A RURAL country pub hampered by slow broadband speeds and poor BT service has left the new owner searching for alternative options.

Rhiannon Metters took over The Halfway at Tal-y-Coed, between the historic towns of Monmouth and Abergavenny, with her partner Anthony James in March 2022.

The couple have plans to diversify the business and “put something back” in the local community.

But faults on the landline and broadband has seen the pub lose a considerable amount of trade and income after the tills were put out of use and customers were unable to make card payments.

While the latest fault has now been fixed, with Openreach replacing a worn cable and BT offering goodwill credit as financial recompense, Ms Metters has been told to expect continued slow internet speeds as the Tal-y-Coed area is not included in ultrafast full fibre build plans.

“BT are very pleasant but there seems to be no admission of poor service and I am not feeling that optimistic due to previous experiences,” said Ms Metters.

“If I am trying to take a card payment and answer the phone at the same time, the line can’t cope and the tills go off.

“I lose a huge amount of trade when the landline is not working, particularly at weekends. Because of our rural location, my customers like to ensure they are booked in for Sunday lunch as they don’t want to drive here without the guarantee they can eat. But when I can’t hear them on the phone or they can’t hear me, they understandably don’t come.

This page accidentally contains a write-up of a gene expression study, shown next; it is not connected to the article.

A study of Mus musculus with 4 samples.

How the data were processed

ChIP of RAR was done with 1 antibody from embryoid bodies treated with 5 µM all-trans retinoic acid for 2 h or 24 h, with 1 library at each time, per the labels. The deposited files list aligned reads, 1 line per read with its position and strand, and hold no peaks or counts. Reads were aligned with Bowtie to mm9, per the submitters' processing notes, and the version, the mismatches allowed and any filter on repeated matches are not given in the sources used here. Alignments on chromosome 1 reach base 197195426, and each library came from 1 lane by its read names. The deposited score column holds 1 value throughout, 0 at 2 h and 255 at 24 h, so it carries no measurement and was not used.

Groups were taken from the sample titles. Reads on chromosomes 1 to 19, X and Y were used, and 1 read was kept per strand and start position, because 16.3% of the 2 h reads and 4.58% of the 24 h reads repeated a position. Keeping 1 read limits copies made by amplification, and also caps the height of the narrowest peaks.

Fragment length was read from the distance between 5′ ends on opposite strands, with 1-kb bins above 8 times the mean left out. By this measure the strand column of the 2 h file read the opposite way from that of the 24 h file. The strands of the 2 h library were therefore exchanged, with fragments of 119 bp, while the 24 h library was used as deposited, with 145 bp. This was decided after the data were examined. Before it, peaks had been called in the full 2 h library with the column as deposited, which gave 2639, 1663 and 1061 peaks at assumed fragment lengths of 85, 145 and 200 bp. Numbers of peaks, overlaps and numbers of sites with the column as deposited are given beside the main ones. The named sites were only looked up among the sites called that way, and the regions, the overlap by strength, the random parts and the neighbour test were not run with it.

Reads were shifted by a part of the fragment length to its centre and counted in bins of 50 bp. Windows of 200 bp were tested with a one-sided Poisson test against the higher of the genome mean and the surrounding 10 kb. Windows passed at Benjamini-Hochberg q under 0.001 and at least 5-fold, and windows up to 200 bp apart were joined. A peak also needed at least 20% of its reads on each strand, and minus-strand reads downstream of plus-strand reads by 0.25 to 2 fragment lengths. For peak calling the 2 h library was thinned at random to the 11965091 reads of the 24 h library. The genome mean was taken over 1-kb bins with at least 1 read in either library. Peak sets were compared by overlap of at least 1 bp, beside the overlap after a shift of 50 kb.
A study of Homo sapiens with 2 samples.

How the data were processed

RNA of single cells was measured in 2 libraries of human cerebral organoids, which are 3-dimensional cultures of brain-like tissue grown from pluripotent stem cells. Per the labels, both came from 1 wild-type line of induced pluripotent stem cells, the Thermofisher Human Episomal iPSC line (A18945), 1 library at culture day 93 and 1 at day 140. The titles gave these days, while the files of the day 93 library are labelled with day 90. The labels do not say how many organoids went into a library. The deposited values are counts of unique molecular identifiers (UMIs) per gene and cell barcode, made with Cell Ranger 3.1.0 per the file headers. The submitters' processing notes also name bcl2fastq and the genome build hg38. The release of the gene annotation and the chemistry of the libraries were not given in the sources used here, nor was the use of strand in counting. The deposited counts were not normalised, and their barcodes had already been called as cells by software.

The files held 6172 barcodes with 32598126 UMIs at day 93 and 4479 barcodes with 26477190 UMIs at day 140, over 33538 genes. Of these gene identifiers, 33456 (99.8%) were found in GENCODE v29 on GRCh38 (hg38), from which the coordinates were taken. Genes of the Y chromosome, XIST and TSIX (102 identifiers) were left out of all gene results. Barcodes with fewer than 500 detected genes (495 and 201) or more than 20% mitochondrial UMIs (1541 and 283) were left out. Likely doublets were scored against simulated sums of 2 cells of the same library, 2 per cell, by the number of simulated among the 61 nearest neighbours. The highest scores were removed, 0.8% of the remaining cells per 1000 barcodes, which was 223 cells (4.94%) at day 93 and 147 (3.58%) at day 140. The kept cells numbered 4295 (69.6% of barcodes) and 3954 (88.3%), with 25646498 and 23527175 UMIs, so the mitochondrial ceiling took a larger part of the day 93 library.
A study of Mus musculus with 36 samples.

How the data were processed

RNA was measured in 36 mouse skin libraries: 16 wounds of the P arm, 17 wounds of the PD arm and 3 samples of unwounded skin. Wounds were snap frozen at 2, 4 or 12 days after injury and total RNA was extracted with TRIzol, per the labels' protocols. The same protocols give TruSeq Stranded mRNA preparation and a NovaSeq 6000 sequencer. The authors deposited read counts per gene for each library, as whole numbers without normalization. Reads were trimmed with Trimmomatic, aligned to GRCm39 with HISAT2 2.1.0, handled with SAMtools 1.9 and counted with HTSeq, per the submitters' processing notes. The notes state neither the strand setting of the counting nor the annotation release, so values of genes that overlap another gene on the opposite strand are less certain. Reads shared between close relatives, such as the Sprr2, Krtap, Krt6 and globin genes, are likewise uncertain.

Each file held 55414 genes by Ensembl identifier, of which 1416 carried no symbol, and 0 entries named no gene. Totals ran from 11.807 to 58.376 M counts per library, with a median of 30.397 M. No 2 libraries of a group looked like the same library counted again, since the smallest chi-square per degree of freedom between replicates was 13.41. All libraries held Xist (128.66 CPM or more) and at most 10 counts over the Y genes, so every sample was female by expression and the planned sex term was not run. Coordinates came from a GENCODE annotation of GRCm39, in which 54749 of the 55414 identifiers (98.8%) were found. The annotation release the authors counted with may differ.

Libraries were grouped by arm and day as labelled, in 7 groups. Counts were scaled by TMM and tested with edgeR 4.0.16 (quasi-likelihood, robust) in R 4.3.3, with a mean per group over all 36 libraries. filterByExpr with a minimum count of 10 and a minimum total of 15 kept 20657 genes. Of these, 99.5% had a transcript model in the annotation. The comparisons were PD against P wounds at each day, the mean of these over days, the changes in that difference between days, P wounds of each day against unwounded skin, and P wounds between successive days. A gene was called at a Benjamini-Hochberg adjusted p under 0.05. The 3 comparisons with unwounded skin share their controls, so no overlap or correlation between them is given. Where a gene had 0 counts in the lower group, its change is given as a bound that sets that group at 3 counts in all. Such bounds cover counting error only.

“There is no mobile signal at the pub either so we are reliant on a working phone line and WiFi connection. Without either, I really won’t survive. If BT cannot provide me with a stable service, I can see no other way forward other than to look for an alternative solution.”

Monmouth MP David Davies visited Tal-y-Coed to find out more about the problems affecting The Halfway and how the topography of the area makes improving digital infrastructure a challenge.

“Basic broadband connections are simply not good enough for delivering the reliable speeds which rural businesses need in today’s digital age,” said Mr Davies.

“The Halfway is a fantastic country pub and real gem in the heart of the Monmouthshire countryside. Rhiannon is building a loyal customer base, with traditional pub meals, hearty Sunday lunches, monthly quiz nights, live music and open mic nights.

“But when the phone line or WiFi goes down, it’s a real threat to the viability of her business. I have asked BT Openreach to make sure all possibilities have been explored and will be helping Rhiannon to look at alternative solutions such as satellite broadband and the UK Government’s gigabit broadband voucher scheme.

“The last thing we want to see is the loss of a vital community hub because of insufficient broadband.”